GENEVA — The U.N. human rights chief said Friday that the U.S. trial over the killing of George Floyd presents a “crucial, defining opportunity for justice” that has been denied to countless other families, urging efforts to address the root causes of racial discrimination.
Michelle Bachelet highlighted the case during a Human Rights Council session focusing on systematic discrimination against people of African descent, saying she met last week with family members of such people killed by law enforcement officials. Her office declined to specify who they were, citing confidentiality agreements.
Former Minneapolis police officer Derek Chauvin has been charged with murder and manslaughter in the May 25 death of Floyd, a Black man, after Chauvin, who is white, pressed his knee against Floyd’s neck for about nine minutes.
“Ten months after the killing of George Floyd set off new waves of outrage and demands for change across the world, a key trial related to his killing is now beginning,” Bachelet said. “But this crucial, defining opportunity for justice is denied to countless other families.”
“So many cases involving deaths of people of African descent never make it to court, and the pain of so many families goes unacknowledged or even denied,” she said.
During her meetings last week, relatives of victims told her of the ongoing trauma faced by the loss of a child or sibling “so suddenly and violently,” Bachelet said. She cited their struggles with police and judicial authorities to achieve justice.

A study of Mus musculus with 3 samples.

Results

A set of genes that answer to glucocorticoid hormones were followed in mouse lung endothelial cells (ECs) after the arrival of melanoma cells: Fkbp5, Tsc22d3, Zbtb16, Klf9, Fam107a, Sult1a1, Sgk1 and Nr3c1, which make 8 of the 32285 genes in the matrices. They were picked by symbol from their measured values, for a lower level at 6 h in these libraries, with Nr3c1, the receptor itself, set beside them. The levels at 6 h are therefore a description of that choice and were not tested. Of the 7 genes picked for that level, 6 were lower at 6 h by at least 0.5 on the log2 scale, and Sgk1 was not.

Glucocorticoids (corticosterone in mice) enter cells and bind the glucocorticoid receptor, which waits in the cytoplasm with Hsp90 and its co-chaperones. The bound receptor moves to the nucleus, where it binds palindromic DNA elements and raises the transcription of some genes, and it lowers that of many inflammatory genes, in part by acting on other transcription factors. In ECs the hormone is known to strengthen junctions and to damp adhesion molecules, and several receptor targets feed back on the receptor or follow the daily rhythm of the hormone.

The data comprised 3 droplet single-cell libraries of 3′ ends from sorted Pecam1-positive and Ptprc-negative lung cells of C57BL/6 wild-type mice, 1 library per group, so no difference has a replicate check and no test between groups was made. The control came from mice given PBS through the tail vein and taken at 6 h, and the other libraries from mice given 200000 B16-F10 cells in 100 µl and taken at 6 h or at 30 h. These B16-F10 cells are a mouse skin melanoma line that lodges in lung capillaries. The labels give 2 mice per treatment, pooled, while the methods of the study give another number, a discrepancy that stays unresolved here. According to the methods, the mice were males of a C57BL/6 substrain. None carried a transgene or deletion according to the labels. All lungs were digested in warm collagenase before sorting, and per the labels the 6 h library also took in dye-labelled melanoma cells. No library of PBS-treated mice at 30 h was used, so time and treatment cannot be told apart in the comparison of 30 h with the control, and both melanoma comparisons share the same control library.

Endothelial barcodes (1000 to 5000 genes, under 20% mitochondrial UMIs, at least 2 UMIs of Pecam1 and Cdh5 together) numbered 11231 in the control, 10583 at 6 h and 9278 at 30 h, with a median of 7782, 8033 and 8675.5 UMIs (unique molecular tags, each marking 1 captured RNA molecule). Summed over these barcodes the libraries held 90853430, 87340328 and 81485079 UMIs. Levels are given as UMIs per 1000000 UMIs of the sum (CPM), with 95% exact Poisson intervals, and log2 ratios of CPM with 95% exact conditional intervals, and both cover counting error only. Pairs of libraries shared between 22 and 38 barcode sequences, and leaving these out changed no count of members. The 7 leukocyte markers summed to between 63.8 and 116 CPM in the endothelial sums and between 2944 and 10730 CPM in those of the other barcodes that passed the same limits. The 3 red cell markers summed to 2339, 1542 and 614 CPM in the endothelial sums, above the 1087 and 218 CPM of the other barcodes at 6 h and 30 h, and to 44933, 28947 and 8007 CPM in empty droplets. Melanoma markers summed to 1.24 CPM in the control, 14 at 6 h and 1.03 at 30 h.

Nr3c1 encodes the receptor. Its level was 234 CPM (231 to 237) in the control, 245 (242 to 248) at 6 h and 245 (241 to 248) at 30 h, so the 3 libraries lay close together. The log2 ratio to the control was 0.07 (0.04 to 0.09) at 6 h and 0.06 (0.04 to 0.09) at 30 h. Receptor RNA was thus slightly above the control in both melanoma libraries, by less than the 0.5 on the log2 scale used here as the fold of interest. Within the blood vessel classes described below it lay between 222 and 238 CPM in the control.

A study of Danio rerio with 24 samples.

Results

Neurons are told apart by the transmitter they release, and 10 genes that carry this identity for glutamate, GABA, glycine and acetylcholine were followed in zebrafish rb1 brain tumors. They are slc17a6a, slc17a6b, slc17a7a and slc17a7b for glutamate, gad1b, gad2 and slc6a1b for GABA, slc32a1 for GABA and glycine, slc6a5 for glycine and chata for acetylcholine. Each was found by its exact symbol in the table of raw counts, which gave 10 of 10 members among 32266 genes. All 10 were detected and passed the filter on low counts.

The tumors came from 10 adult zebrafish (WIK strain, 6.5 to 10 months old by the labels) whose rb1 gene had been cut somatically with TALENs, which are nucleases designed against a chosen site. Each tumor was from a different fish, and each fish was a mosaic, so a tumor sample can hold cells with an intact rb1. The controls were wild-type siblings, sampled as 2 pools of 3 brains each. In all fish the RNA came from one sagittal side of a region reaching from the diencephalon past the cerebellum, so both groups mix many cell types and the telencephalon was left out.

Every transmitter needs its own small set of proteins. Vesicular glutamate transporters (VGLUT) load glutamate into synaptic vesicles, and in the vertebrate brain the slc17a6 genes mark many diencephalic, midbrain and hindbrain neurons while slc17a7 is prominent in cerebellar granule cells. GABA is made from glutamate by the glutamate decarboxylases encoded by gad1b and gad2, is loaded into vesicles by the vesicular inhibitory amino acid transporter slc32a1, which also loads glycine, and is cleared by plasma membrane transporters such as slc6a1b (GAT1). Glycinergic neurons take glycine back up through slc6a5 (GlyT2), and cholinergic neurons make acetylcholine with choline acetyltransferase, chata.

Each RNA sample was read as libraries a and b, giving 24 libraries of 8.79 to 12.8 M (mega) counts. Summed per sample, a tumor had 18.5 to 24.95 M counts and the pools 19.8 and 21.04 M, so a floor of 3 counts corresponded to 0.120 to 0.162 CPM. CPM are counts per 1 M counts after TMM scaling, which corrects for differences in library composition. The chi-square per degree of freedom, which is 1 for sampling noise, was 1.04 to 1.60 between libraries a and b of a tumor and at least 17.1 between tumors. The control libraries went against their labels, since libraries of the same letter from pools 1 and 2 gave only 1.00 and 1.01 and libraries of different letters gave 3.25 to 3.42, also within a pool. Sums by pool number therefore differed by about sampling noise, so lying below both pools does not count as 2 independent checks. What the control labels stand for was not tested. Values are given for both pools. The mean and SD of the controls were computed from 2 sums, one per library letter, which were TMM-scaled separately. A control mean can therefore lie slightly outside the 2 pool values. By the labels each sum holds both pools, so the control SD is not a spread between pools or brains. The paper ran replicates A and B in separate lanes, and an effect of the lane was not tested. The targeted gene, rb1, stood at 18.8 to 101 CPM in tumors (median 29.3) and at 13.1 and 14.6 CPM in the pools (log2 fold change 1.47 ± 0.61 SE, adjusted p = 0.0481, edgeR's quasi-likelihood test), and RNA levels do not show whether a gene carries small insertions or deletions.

Bachelet said police brutality and racial discrimination continue against people of African descent, despite heightened visibility about the issues.
“To end racial injustice in law enforcement, we cannot simply see the tip of the iceberg, we must face the mass below the surface,” she said. “We must address the legacies of enslavement, the transatlantic trade in enslaved Africans, and its context of colonialism.”
Bachelet said she plans to issue a report to the 47-member-state council in June to recommend “an agenda for transformative change to dismantle systemic racism and police brutality against Africans and people of African descent” and help victims.
Lisa Peterson, an U.S. acting assistant Secretary of State, delivered a statement to the council on behalf of 150 states, saying that fighting racism and racial discrimination means “acknowledging and addressing the legacy of past transgressions” that often turn up in “systemic racism.”
“A great deal more needs to be done,” she said. “Many of our own countries suffer from historical inequalities that, decades and even centuries later, still cast long shadows over the present day.”